Can the United States government legally stop US citizens from traveling to certain "Ebola-affected" countries? Can the government restrict US citizens abroad who may have been infected with the Ebola virus from re-entering the country, as it can non-citizens? Can the government impose isolation or quarantine measures inside the United States in order to control Ebola?
The answer to all of the above is “yes,” according to a new analysis from the Congressional Research Service (withheld from online public distribution, but made available by the Federation of American Scientists’ Secrecy News).
Now that the United States is itself an "Ebola-affected country," with the return home of several infected health care workers and the first recorded Ebola death in Dallas this week, Congress has quietly begun to consider what legal measures the government can impose to contain any future spread of the deadly virus. Initial steps are already in place.
Beginning tomorrow, anyone entering the United States through JFK, Washington-Dulles, Newark, Chicago-O’Hare and Atlanta international airports – the five airports that receive more than 94 percent of travelers from Guinea, Liberia and Sierra Leone – will be subject to Enhanced Ebola Screening, and all travelers entering the US from “Ebola-affected countries” will be tracked as part of a new program designed to help stop the spread of the disease. The programs will be run by the Centers for Disease Control and Prevention (CDC) and the Department of Homeland Security’s Customs & Border Protection (CBP).
Enhanced screening is only a first layer of response, with several more restrictive options available depending on the outbreak’s progress.
A Public Health "No Fly" List
The CDC and the Department of Homeland Security may also place anyone suspected of having been infected – citizens and non-citizens alike – on a "Do Not Board" list that instructs airlines not to issue boarding passes on flights into and out of the US. The “DNB” is not a hypothetical tool; some 33 people with suspected or confirmed pulmonary tuberculosis (TB) were included on the list in 2007 and 2008 (Warscapes has asked the CDC whether anyone has been added to the list during the current Ebola outbreak, and will add that information when we receive a response). How does one get on the DNB list? US or international pubic health officials can request that CDC add someone to the list if he or she is likely to be contagious; unaware of or likely to be nonadherent with public health recommendations, including treatment; or will attempt to board a commercial aircraft despite exposure. An additional “lookout” alert then goes out to US Customs officers at land and sea points-of-entry.
The federal and state governments can also impose isolation and quarantine measures if the circumstances demand. As the Congressional Research Service report clarifies, “quarantine” refers to separating or restricting movement of individuals who have been exposed to a contagious disease but are not yet sick, while “isolation” refers to separating those who are sick from the uninfected population. States can impose either under certain police powers corresponding to public health emergencies, while the CDC has the power to “authorize the detention, isolation, quarantine, or conditional release of individuals” for diseases identified by an Executive Order of the President, of which Ebola is one.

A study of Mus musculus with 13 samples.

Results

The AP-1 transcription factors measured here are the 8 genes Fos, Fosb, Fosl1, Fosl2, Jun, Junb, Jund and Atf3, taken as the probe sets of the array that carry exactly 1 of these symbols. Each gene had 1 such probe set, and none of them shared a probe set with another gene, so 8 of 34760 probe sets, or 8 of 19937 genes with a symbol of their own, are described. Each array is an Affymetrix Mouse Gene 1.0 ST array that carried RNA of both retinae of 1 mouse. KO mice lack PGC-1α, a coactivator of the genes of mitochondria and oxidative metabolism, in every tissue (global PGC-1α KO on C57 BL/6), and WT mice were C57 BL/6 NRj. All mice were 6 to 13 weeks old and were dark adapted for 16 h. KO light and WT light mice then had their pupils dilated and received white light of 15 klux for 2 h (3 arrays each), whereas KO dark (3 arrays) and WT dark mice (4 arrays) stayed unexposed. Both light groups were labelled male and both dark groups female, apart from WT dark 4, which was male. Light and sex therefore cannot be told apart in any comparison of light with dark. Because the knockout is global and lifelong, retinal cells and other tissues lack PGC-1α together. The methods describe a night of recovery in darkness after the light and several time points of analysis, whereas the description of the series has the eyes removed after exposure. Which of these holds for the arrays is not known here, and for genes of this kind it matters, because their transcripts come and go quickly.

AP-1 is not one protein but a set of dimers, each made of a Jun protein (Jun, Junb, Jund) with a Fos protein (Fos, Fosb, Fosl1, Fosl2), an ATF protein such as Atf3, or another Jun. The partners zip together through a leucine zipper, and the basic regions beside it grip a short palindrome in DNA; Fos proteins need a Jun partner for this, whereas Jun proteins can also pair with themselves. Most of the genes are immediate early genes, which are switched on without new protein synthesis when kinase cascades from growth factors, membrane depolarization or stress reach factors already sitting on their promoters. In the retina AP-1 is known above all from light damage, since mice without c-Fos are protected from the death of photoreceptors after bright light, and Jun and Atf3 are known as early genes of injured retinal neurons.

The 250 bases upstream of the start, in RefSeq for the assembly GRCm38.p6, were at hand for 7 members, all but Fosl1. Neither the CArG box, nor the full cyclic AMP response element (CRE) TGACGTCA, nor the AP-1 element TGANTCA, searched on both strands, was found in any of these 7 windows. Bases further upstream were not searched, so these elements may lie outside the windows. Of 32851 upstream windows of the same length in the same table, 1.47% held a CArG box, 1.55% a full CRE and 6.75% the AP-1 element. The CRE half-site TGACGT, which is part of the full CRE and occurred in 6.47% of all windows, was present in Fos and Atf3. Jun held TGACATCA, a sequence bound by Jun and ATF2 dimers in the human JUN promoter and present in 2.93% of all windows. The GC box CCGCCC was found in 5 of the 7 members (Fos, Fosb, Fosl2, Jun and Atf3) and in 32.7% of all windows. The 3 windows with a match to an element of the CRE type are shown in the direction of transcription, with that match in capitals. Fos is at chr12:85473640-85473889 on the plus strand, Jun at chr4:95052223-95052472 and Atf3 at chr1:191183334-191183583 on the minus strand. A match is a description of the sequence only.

If broad quarantines and isolation in North America sound far-fetched, recall that as recently as 2003, some 45 thousand people were quarantined in Toronto during the SARS outbreak.
Still, the current Ebola epidemic has been portrayed in most commercial US media as an “African disease,” spiking fear, perhaps, but blunting a coherent understanding of Ebola’s exponential spread.
“The tragedy of Ebola is not just its staggering toll. It's also the implicit racism that the deadly virus has spawned,” Robin Wright, a joint fellow at the Woodrow Wilson International Center and the U.S. Institute of Peace, wrote in a strong piece published yesterday. “In both the United States and Europe, Ebola is increasing racial profiling and reviving imagery of the ‘Dark Continent.’ The disease is persistently portrayed as West African, or African, or from countries in a part of the world that is racially black, even though nothing medically differentiates the vulnerability of any race to Ebola.”
Racism is a subset of ignorance. The current Ebola outbreak is unprecedented. From the time the first cases were reported in the forest areas of Guinea in December, the outbreak has expanded powerfully, with some 8,011 cases reported and 3,857 deaths (as of Wednesday). The number has been doubling every three weeks.
Congress just today lifted restrictions on the Pentagon’s ability to spend $750 million proposed by the Obama Administration to help fight the epidemic, with some 4,000 US troops to deploy to West Africa to provide logistical support. So long as those troops are not used for quarantine, containment or crowd control measures - public health restrictions only work when the affected community understands and buys into the measures - they will hopefully provide some much-needed relief to the deeply strapped NGO's that have been on the ground fighting the epidemic for months.
As Médecins Sans Frontières (MSF) put it recently, containing the epidemic is not only an international responsibility, but an urgent and uphill battle: “We cannot escape the need to rapidly and effectively contain this epidemic and provide the necessary care to patients, their families, and affected communities. As an international public health emergency, states with the capacity to help have the responsibility to mobilize resources to the affected countries, rather than watching from the sidelines with a naive hope that the situation will improve.”
Michael Bronner is a founding editor at Warscapes.